Accountant Sentenced to More Than Eight Years in Prison for Misappropriating $1.1 Million From Employers and Lenders
CHICAGO — A suburban Chicago accountant has been sentenced to more than eight years in federal prison for misappropriating more than $1.1 million from four employers and three lending institutions.
PAUL ERIC COLLINS, 55, of Naperville, Ill., pleaded guilty last year to wire fraud. U.S. District Judge Elaine E. Bucklo imposed a 98-month prison sentence Wednesday after a hearing in federal court in Chicago. Judge Bucklo also ordered Collins to pay $1,159,414 in restitution to the victims.
The sentence was announced by John R. Lausch, Jr., United States Attorney for the Northern District of Illinois; and Emmerson Buie, Jr., Special Agent-in-Charge of the Chicago Field Office of the FBI.
“Collins stole funds from his employers, even though he knew that they desperately needed those funds to operate their businesses,” Assistant U.S. Attorney Jacqueline Stern argued in the government’s sentencing memorandum. “Collins stole from the victims for his own wholly selfish ends.”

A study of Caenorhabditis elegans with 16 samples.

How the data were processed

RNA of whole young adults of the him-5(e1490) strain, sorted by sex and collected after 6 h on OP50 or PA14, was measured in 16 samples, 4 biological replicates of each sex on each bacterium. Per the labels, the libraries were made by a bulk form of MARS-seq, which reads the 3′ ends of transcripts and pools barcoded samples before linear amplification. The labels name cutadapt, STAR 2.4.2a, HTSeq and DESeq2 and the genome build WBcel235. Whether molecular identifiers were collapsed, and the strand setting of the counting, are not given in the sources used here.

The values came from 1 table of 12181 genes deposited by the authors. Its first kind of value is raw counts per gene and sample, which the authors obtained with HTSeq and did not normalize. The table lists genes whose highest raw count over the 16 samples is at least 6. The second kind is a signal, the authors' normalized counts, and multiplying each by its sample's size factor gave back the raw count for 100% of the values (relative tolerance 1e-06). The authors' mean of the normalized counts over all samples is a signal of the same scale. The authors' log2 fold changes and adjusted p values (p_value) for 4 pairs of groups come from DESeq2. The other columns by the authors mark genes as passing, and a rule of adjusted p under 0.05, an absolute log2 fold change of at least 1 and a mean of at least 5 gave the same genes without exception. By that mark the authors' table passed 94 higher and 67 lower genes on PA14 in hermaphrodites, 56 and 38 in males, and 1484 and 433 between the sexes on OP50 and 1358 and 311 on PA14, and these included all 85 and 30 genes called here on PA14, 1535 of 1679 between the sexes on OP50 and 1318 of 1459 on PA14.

Collins was an accountant who handled the finances for four employers from 2013 to 2018. During that time, Collins stole more than $1 million from the companies by writing corporate checks to himself, his wife, and phony companies he created. Collins also fraudulently withdrew money from ATMs and charged personal expenses on company credit cards. He attempted to conceal the thefts by making Ponzi-type payments to certain victims.
Collins also stole more than $70,000 from three lenders by obtaining loans based on false representations. Collins fraudulently used the identity of one of his employer’s owners and falsely represented that the owner personally guaranteed the loans. When Collins failed to repay the full amount of the loans and the lenders sought repayment, the owner was left having to dispute the fraudulent guarantee.